Kahnawake faces a third casino referendum.

Later this month residents of the Mohawk community will be voting for a third time on whether to establish a casino on their territory.

We hear from Kenneth Deer, a resident of Kahnawake and speak with Joe Dellaronde, a spokesperson for the project.


Former outfielder Warren Cromartie and Radio Noon listeners toss around ways to bring professional baseball back to Montreal with host Bernard St-Laurent.

Most callers are in favour, sharing family memories of the Expos, but a few skeptics also weigh in. 


There's a new website available this week aimed at helping young people who hurt themselves.

McGill psychologist Nancy Heath and a fellow psychologist at Guelph University were asked by YouTube to create a site reaching out to teens who cut, burn, or bruise themselves. The request came in reaction to the growing online community of youths who self-injure.

CBC listeners called in and texted Radio Noon to ask questions and share their experiences.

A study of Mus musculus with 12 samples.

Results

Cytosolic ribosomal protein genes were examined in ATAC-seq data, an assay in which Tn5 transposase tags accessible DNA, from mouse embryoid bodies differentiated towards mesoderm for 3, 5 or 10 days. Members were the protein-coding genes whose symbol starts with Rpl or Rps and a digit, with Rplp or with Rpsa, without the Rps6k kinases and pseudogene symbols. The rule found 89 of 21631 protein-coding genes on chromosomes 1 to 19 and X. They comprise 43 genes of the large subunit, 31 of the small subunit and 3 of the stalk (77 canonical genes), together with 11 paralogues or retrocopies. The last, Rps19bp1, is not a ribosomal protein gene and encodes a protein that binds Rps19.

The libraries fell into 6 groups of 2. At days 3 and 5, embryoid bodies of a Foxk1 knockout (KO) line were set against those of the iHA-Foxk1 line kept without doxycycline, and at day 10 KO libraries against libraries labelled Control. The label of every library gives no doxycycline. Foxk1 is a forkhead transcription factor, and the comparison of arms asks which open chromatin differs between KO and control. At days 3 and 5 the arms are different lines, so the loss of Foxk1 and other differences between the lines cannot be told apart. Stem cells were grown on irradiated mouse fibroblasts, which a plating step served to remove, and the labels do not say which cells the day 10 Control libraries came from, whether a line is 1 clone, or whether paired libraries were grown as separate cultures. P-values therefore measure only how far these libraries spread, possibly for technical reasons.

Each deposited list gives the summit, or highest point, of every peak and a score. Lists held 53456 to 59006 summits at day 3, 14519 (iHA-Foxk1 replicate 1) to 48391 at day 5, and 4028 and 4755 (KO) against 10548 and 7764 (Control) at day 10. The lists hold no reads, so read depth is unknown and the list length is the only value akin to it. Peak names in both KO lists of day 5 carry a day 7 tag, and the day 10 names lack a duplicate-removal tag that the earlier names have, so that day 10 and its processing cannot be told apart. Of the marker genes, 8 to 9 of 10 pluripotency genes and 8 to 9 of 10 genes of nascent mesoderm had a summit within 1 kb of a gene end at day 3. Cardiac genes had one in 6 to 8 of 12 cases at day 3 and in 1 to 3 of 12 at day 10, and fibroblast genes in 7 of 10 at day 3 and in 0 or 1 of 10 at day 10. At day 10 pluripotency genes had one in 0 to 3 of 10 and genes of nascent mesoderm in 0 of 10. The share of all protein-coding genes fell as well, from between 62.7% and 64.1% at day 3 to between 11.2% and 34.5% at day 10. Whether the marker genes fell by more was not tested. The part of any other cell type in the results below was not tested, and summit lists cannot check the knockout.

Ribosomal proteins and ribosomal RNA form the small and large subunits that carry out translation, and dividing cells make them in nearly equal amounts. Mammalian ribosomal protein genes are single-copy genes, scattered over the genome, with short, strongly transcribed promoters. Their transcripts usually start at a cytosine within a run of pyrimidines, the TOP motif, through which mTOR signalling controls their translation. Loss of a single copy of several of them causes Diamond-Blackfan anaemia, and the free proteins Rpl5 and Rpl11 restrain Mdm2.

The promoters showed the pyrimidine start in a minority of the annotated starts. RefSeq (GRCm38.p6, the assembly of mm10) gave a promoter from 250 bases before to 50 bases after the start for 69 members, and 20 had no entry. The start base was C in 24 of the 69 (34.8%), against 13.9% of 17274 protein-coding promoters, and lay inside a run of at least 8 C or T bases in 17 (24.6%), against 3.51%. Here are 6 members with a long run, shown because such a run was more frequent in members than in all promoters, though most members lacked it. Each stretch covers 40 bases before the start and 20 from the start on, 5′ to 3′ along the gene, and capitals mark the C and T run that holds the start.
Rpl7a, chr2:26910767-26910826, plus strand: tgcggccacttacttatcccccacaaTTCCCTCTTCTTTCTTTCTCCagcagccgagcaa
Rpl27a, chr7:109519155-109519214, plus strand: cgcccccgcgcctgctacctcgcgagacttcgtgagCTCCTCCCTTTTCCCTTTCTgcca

Here's that segment of our program: 



Quebec goes to court over long gun info


(photo: courtesy Canadian Press) Putting back a gun in a Montreal outdoor store.

Quebec's justice minister, Jean-Marc Fournier, has served notice that the province is seeking an injunction to keep the long gun registry's data. Quebec wants to establish its own registry now that Ottawa is abolishing the national one.

On Radio Noon we hear from the minister at his news conference and from our National Assembly reporter Tim Duboyce:



Lots of talk about the 'Florida of Quebec' on our weekly round table with dairy farmer Jeannie Neveu, beef and sheep producer Bob Laberge and agricultural communications specialist Hugh Maynard.


(photo: Radio Canada)  Laval student Laurent Proulx

Laval University student Laurent Proulx says other students should go to the courts to get classes restarted. CBC's Catou Mackinnon fills in Radio Noon on why the judge granted an injunction.  





Things heat up on Radio Noon as the CBC's Marika Wheeler takes us to the Cree community of Oujé-Bougougmou. She takes our listeners inside the boilers that power the heating system for the area. IMG_1.JPG Oujé-Bougoumou 2.JPG   (photo: Freddy Bosum, taken by M.Wheeler) 

'It's easy to live in Montreal without French' says the headline in the Journal de Montréal, after hiring a unilingual English reporter to check out the city.

Jack Jedwab, executive director of the Association for Canadian Studies, says the reality in world's big cities is that people don't necessarily have to speak the dominant language.